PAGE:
In light of Joseph being called a righteous man in Matthew 1:19, does this mean that divorce because one of the two was not a virgin at the time of marriage is biblically valid?
Two possible answers:
So I don't think this passage tells us anything about virginity as a grounds for divorce. It seems to be about breaking off a betrothal rather than divorce proper. And even if it is about divorce proper, Joseph had good reason to suspect unfaithfulness since the engagement or marriage or relationship had begun, while a mere lack of virginity might long predate you having ever met your marital partner.
If a person had falsely presented themselves as a virgin and you married them, that might be valid grounds for divorce. But if they never presented themselves as such (either through openly admitting such a previous sexual relationship, or if they never said but you never asked), then I don't see how that is any better grounds for divorce than simply "I'm tired of you" or "I found someone who I think is better"
I know of no doctrine held by any Christian tradition based on this passages that speaks to virginity at the time of marriage in relation to possible divorce. It is simply not the subject matter of the passage and drawing such a conclusion from it would be bad hermeneutics. You would need to find other teachings on previous relationships or extra-marital relationships in order to address that issue in a Biblical fashion.
If you look at other Biblical passages, you will note that basically the only valid grounds for divorce is the case of adultery. Even then it is not prescribed / required, only possible allowed.
If you look into the marriage traditions of the time, you will find that the issue of divorce was as relevant to Betrothal (engagement of sorts) as it was to marriage. A betrothal could not just be broken off for any reason, it was as good as a marriage vow as far as being binding on the parties, but the relationship was not to be consummated until after the wedding.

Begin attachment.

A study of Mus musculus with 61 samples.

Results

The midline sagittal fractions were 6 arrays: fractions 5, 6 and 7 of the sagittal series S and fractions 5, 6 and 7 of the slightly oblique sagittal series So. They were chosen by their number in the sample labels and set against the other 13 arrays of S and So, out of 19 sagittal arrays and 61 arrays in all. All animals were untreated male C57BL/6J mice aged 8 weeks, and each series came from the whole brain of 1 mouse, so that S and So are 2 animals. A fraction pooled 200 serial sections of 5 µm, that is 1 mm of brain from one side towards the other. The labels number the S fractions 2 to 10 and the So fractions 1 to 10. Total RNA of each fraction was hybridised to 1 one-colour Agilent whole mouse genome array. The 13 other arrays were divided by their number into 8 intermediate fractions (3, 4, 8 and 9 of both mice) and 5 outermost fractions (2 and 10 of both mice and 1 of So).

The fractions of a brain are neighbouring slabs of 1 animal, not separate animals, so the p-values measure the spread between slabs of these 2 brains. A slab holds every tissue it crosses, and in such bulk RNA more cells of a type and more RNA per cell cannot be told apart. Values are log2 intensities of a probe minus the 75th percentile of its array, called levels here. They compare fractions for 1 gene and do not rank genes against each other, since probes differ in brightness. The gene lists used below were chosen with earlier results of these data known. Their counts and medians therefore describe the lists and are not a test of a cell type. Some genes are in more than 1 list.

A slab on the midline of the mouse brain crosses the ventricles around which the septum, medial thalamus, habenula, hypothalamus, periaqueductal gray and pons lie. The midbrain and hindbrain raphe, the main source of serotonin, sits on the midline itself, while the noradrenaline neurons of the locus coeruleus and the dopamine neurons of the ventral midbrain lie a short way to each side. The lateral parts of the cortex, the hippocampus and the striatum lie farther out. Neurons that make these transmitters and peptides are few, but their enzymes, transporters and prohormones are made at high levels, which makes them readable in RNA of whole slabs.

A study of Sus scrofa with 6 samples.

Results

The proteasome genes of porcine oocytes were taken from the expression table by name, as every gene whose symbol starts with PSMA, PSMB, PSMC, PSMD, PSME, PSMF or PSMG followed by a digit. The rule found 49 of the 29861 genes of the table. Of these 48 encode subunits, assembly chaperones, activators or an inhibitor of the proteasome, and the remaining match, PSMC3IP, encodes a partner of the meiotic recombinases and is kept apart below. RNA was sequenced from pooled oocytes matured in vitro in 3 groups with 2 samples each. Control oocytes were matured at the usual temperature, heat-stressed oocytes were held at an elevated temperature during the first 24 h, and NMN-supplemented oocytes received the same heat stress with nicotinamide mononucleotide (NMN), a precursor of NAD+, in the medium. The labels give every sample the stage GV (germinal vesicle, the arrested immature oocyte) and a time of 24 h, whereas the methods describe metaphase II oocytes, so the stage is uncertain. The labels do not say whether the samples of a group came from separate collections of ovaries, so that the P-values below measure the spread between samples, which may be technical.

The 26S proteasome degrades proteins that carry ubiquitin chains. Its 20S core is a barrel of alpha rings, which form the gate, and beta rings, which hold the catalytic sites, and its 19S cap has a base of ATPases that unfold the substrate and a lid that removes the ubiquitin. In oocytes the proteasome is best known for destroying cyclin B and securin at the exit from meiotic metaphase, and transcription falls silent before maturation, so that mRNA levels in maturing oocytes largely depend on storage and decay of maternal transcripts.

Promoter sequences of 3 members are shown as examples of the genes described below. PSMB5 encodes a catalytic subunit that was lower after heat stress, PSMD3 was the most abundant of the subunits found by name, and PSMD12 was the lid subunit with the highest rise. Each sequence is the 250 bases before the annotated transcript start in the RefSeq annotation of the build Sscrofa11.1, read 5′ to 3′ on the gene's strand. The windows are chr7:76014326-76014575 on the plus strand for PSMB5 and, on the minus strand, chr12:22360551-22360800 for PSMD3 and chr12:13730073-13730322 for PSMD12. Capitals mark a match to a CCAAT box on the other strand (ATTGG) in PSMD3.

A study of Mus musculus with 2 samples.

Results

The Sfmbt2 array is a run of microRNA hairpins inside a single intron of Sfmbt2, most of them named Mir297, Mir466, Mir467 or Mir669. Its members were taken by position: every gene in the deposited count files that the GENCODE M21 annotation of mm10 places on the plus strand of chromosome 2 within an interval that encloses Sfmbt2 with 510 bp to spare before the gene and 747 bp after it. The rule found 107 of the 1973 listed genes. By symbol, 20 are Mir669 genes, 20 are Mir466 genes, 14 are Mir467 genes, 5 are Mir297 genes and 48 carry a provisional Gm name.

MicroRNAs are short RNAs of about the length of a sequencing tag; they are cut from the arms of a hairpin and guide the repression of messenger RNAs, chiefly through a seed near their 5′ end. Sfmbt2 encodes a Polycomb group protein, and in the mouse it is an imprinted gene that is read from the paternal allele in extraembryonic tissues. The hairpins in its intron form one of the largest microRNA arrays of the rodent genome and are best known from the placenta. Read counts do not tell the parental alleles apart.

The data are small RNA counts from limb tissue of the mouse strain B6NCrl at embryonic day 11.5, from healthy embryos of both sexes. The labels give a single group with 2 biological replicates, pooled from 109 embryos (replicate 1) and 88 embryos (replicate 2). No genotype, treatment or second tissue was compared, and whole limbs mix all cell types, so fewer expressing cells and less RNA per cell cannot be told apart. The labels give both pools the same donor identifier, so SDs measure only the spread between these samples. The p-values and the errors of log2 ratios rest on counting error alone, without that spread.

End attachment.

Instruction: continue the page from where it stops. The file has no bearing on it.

Mary getting pregnant during the betrothal was (barring the supernatural) obvious proof of adultery. Having committed herself to marry and be faithful to one man and entering a binding contract with him, Joseph would know he hadn't slept with her so she must have slept with another man.
With this understanding, we see that the only thing this passage could teach us about divorce is to reinforce the teaching that says adultery is possible grounds for divorce, but that it is not unlawful to NOT divorce even cases of adultery.
This is a good question. Joseph and Mary had entered into the covenant of betrothal for marriage. The terms of that covenant were that each would maintain purity until their wedding. When it was found that Mary was pregnant, Joseph knew quite well that the child was not his. The conclusion was that Mary had been unfaithful to him, even though this turned out to be an invalid conclusion.
So, the issue was that Mary was thought to have broken the covenant of marriage by being unfaithful--not necessarily that she was no longer a virgin. Indeed, Boaz married Ruth, who had already been the wife of another. David married Bathsheba, who had been the wife of Urriah.
So, again, virginity was not the issue per se, but unfaithfulness was.